Things to Consider When Installing Outlets


Modern white kitchen

Tuck outlets under cabinets for quick access. Image: Gilmans Kitchen and Bath

Beyond the wall

Your architect will plan around city codes when it comes to placing outlets. Your city or county will dictate how far spaced your outlets must be. But you can still have input on where they go, or if you want outlets in specific places. Obviously, most outlets will be placed in your walls, but think beyond the wall to really make sure you’re covered. Imagining how you’ll use the home and live your daily life can help you visualize the best places for outlets. Here are some clever places to make sure you have power:

  • In kitchen drawers and cabinets. Drawers and cabinets are a sneaky way to run more power through your kitchen. Whether you need to charge a phone, run a hand mixer or even plug in a small light, having power tucked away in your drawers gives you easy access that doesn’t disrupt your decor. You can also use cabinet outlets to light some of the darker corners of your cupboards.
  • Under cabinets. Under-cabinet lighting is a cool feature, but it can be expensive. What’s more, you might find yourself changing out pricey specialty bulbs, or just leaving them burned out. Plugs underneath the cabinets let you choose less expensive lighting and serve up space to plug in electronics and kitchen gadgets without taking up counter space.
  • In the island. If you have a kitchen island, consider running power up and into your island with an outlet on the side. Even if you have other counter space, you’ll likely use your island for prep work. It’s annoying to have to move food to another workspace in order to plug in a mixer, blender or food processor. The island is also the perfect place to serve up pancakes hot off the electric griddle.
  • In the entryway. Why add outlets to the entryway? It’s just a place to take off coats and shoes, right? Well, think about how many times you plug your phone into an outlet in the house, only to forget it? Or how many times have you guests who need a charger? Adding plugs to your entryway gives you a convenient out-of-the-way place to charge phones and electronics so they’re always ready when you are.
  • Living room floors. Don’t want to trip over cords and plugs? Putting outlets in your living room floor means you can plug lighting exactly where you need to, hiding the cords under furniture instead of causing a constant trip hazard.
  • Bathrooms. Your architect will definitely plan for plugs in the bathroom, but you can design their placement so they’re more functional. Think about how you use bathroom electronics like shavers or hair dryers. Remember that it’s unsafe to string cords over sinks so plan accordingly. Addicted to quiet baths and reality TV? Your architect can also help you find a safe place to put an outlet for a TV in the bathroom.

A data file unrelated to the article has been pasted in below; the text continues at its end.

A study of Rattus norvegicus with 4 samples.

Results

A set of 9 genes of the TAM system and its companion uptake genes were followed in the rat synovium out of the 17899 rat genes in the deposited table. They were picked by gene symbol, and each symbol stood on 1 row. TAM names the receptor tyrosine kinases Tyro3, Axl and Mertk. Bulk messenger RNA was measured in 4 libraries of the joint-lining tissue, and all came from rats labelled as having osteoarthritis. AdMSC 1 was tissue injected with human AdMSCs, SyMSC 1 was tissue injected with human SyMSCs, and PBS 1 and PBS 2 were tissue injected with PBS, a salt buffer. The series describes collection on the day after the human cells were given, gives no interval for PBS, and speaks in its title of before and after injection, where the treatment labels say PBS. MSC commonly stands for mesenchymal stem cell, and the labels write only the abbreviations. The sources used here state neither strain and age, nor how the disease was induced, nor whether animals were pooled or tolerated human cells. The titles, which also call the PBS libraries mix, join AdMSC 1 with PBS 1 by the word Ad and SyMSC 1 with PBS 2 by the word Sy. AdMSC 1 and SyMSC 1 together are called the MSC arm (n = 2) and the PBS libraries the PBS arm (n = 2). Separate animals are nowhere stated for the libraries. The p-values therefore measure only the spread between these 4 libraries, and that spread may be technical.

Bright family room outlets

Add outlets in the floor to reduce trip hazards. Image: The Orpin Group

Smart outlets 

Old, outdated plugs might do the trick, but new smart outlets make life so much easier. Check out some of the new smart outlet options to see if they’re an upgrade you want to make.

  • USB outlets. Why worry about USB converters at all? If you’re placing outlets where you know you’ll want to charge your phone, just install a USB outlet and you can plug directly into the wall.
  • Bluetooth outlets. Make your house a smarthome on the cheap by using smart outlets and plugs to control your electronics from your phone. They use Bluetooth to connect with your electronics, so you don’t have to get out of bed just because you forgot to turn off the a lamp downstairs.
  • WiFi outlet. Wondering how much power it takes to run your home? WiFi outlets can send information about your power usage and even cut off certain appliances or electronics when they meet a quota. This can save you major money in the long run.

They might not be the most visible part of your home, but plugs might be some of the most important. They are a small thing that make a big difference in your daily life. Slowing down the design process to choose and place them properly means you’ll love your home that much more.